It is a well-accepted fact that the federal leased space market is shrinking. This is troublesome, yet for investors the real question has been whether the shrinking inventory has also made investment opportunities more scarce. The answer, unfortunately, is yes.
The graph above shows the total number of buildings at each point in time over the past decade that: 1) had at least 15,000 RSF of GSA-leased space; 2) were at least 85% leased by the federal government, and; 3) had more than 10 years of remaining lease term (without regard for cancelation rights). This analysis focuses only on the GSA-leased portion of the federal portfolio, but we believe this is a valid representation of the federally leased property sector on the whole.
We found that the overall number of these “long-term” GSA-leased buildings has been declining for more than three years. In January 2013, an investor looking for the types of properties described above would find 222 buildings in the U.S. At July of this year, that number has dropped to 169 buildings.
In large part, the selection of prime federal investment properties is dwindling due to the fact that GSA is now very rarely engaging in new lease-construct (i.e. build-to-suit) projects. Lease-constructs yield the longest leases, typically 15 to 20 years, whereas leases in existing buildings are generally capped at 15 years, and more likely at 10.
Budgetary austerity is the driving influence in federal real estate, and GSA, as a matter of policy, has substantially slowed its pursuit of new construction. So, as the lease terms on lease-construct properties burn off, there are few new projects to replenish the supply. The effect of this is apparent in the graph above. The reduction in the number of long-term leased investment properties has been fueled entirely by the dwindling number of lease-constructs. Based upon the paltry number of new buildings under construction currently, it’s easy to project that long-term leased properties will become even more scarce.
None of this suggests, however, that GSA doesn’t have need for long-term leases. It does, and it will, especially as agencies attempt to reduce their footprint by improving space utilization. Increasing utilization generally requires substantial workplace reconfiguration–and that requires tenant improvement capital, something that is only available from lessors in exchange for long-term leases. In fact, the number of long-term leases in existing (non build-to-suit) buildings has increased. This is clear if we take the graph above and reverse the stacking.
What does it all mean?
The chief reason to invest in GSA-leased properties is to harness the underlying United States of America credit. Yet, that credit isn’t worth much unless coupled with substantial lease term. This explains the allure of lease-construct projects. They are attractive to investors because they typically have longer leases and those contracts are more often non-cancelable, a feature that is otherwise uncommon among the rank-and-file GSA leases. Another reason lease-constructs are so important is that they are purpose-built buildings, often with mission-critical features. It is widely assumed that lease-construct properties benefit from higher renewal probability.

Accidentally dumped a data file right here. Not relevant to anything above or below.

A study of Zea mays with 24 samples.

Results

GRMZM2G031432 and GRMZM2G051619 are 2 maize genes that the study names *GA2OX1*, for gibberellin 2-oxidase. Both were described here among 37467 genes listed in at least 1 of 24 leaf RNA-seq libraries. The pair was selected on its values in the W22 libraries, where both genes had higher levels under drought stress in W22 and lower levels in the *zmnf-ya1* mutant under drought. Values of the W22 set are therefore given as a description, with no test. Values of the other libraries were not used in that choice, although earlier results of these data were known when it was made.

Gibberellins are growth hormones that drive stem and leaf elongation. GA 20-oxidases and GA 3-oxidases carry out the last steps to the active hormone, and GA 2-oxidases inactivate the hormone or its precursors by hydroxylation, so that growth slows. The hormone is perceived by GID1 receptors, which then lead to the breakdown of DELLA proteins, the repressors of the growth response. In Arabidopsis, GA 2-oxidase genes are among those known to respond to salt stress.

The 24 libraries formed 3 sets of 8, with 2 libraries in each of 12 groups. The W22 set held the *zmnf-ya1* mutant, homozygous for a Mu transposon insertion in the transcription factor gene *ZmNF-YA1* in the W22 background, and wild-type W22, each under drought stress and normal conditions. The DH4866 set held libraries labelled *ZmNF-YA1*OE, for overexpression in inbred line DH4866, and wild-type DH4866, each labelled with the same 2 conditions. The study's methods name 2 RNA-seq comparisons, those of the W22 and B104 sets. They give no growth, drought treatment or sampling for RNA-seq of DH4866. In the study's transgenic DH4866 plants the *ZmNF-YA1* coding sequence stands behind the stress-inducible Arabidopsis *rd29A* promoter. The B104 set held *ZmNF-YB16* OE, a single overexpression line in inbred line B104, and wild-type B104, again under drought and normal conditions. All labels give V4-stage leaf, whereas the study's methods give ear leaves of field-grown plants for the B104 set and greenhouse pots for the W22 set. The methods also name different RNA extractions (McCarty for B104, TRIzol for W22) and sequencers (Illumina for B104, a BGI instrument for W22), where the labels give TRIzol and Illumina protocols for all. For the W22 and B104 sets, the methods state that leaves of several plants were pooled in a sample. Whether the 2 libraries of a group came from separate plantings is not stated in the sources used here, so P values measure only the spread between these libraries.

With lease-constructs growing scarce, traditional credit-driven investors are being nudged out of their comfort zone. The growing scarcity of long-term leased buildings has served to substantially compress cap rates for that tranche of product, making them far more expensive than they were just a few years ago. Further, the declining number of these buildings has made it difficult to stay true to an investment strategy focused solely on such assets.
Increasingly, investors are now searching for good buys with high renewal probabilities, even if they have shorter remaining lease terms currently. These properties are also more plentiful. For example, investors willing to purchase buildings with at least seven years of lease term remaining will find that there are twice as many as those with ten years.
The reduced availability of long-term leased investments is wringing passive investors out of the market and favoring those that understand how to properly assess renewal probability. It is also making it more difficult for new investors to enter the sector because their capital generally requires them to acquire a base of long-term, stabilized assets before exploring “riskier” territory.
On the whole, this is producing consolidation of ownership among a relative few, experienced investors. But even those investors will have to adapt to this evolving market, at least for a while.